Ballot measure aiming to inject more diversity into San Diego redistricting is delayed to November 2024
City Council members are divided over using an Oakland model that brings a student and a nonprofit representative into the selection process for the commission that draws the lines.
A ballot measure that would fundamentally change how San Diego redraws City Council boundaries every 10 years has been delayed from March to November 2024 so city leaders can finish negotiating the measure’s details.
Council members want to boost the diversity of the independent commission that draws new boundaries in the face of criticism that racial demographics and social equity were not prioritized enough when boundaries were redrawn in 2021.
But council members are sharply divided about the best way to do that.
Some support a model used by Oakland that seeks to have the group appointing the commission include a student and a nonprofit leader. But others have criticized that approach and are proposing different solutions.
The proposal pushed by two UCSD students would remake the commission that draws City Council districts and change who appoints the commission’s members.
The council’s Rules Committee voted unanimously this week to have the city clerk and city attorney use the Oakland model as a baseline to create a proposal the committee could then modify before it is sent to city voters in November 2024.
Members of the Redistricting Commission are now selected by three retired judges — a group whose demographics skew much more White and male than San Diego’s overall population.
The Oakland model, which was suggested to the city by UC San Diego students Leana Cortez and Aashika Srinivas, instead uses a three-member panel made up of one retired judge, one student and one nonprofit representative.
The student must be at an accredited law school or be studying public policy. The nonprofit representative must be from an organization focused on good government.
In Oakland, the three panel members select the 30 most qualified applicants for the commission, with at least two from each council district. Six names are then chosen by a random lottery and they appoint seven more at-large members.
“This allows people from various economic and social backgrounds to be involved in the selection process, which may heighten the diversity,” Srinivas said.
City Council members Kent Lee and Monica Montgomery Steppe expressed support for the Oakland model. But Councilwoman Vivian Moreno expressed opposition and Councilman Joe LaCava raised concerns.
“I get a little bit of heartburn about a lottery system,” LaCava said. “Randomization doesn’t always get you the outcomes you want. You may actually get a less diverse group of commissioners.”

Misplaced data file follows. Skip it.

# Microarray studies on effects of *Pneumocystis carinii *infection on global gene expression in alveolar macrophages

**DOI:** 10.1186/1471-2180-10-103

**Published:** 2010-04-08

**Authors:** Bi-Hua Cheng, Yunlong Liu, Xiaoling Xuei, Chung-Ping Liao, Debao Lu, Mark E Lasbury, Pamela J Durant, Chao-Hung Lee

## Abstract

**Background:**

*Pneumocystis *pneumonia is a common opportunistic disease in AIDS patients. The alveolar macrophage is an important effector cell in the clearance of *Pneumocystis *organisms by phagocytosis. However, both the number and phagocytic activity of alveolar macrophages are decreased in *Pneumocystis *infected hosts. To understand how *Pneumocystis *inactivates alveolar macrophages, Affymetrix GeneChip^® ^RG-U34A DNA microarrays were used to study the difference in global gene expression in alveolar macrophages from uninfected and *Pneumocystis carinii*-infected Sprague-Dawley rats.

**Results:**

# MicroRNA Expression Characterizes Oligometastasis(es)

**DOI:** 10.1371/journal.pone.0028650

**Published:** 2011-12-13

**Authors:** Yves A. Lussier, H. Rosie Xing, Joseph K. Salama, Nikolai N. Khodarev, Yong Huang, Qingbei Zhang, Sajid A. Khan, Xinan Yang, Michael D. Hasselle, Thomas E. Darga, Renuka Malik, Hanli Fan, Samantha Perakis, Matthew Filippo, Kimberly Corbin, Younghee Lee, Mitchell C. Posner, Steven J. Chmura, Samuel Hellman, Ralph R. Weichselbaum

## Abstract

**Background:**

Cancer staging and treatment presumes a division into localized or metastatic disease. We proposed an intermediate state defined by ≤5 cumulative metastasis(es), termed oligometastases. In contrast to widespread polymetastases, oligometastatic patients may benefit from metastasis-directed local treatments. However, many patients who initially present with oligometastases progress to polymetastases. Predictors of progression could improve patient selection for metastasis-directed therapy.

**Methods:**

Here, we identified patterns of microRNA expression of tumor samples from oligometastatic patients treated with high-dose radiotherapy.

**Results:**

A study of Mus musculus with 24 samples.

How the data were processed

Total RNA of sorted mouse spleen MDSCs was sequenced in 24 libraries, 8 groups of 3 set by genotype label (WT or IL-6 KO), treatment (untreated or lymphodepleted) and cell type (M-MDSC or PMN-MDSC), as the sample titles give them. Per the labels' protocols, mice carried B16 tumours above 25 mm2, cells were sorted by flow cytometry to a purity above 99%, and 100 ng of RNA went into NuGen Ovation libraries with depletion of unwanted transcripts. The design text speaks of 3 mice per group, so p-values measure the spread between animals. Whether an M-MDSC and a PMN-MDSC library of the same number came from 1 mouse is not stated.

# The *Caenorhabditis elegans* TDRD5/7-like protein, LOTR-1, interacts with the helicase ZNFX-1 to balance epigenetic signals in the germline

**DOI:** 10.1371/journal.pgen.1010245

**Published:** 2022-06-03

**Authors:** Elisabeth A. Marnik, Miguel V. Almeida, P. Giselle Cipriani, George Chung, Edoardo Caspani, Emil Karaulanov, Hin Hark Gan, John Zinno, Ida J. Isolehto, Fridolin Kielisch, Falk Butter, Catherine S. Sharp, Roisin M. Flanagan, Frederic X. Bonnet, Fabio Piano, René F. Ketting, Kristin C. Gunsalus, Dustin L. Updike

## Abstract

LaCava also said every commissioner will inevitably be somewhat biased. But he also noted a need for change.
“I do think this can be improved from where we are today,” he said. “I don’t see that there is one right way to do it.”
Moreno said she is “not interested” in the Oakland model, suggesting instead that the city clerk handle the entire appointment process. Moreno eventually agreed to use the Oakland model as a baseline, but only to avoid killing any chance for change.
“I am reluctant to support the Oakland methodology, but I absolutely want to see this discussion continue,” she said.
Meanwhile, members of the 2021 commission are pushing back against recent criticism of their efforts.
“Contrary to the suggestions ... that groups were not listened to or that commissioners represented only districts they resided in, we read and listened to literally thousands of comments and submissions from across the city and balanced as many competing proposals as possible,” said Tom Hebrank, chairman of the 2021 commission.
Critics say new map, which was approved 7-2, doesn’t do enough to boost voting power of minority groups
Hebrank and two other 2021 commissioners — Roy MacPhail and Ken Malbrough — said an alternative solution would be more aggressive outreach efforts to widen the pool of applicants for the Redistricting Commission.
Council members said they think more fundamental change is needed.
The shift from the March ballot to the November ballot was first proposed by LaCava. He said a measure affecting so many people should be presented to voters during a November election because there is higher turnout.
Council members noted that San Diego already has a more independent process for selecting Redistricting Commission members than the state’s other largest cities.
In Los Angeles, San Jose and San Francisco, redistricting commissions are appointed directly by elected officials whose reelection prospects could be affected by the commission’s decisions.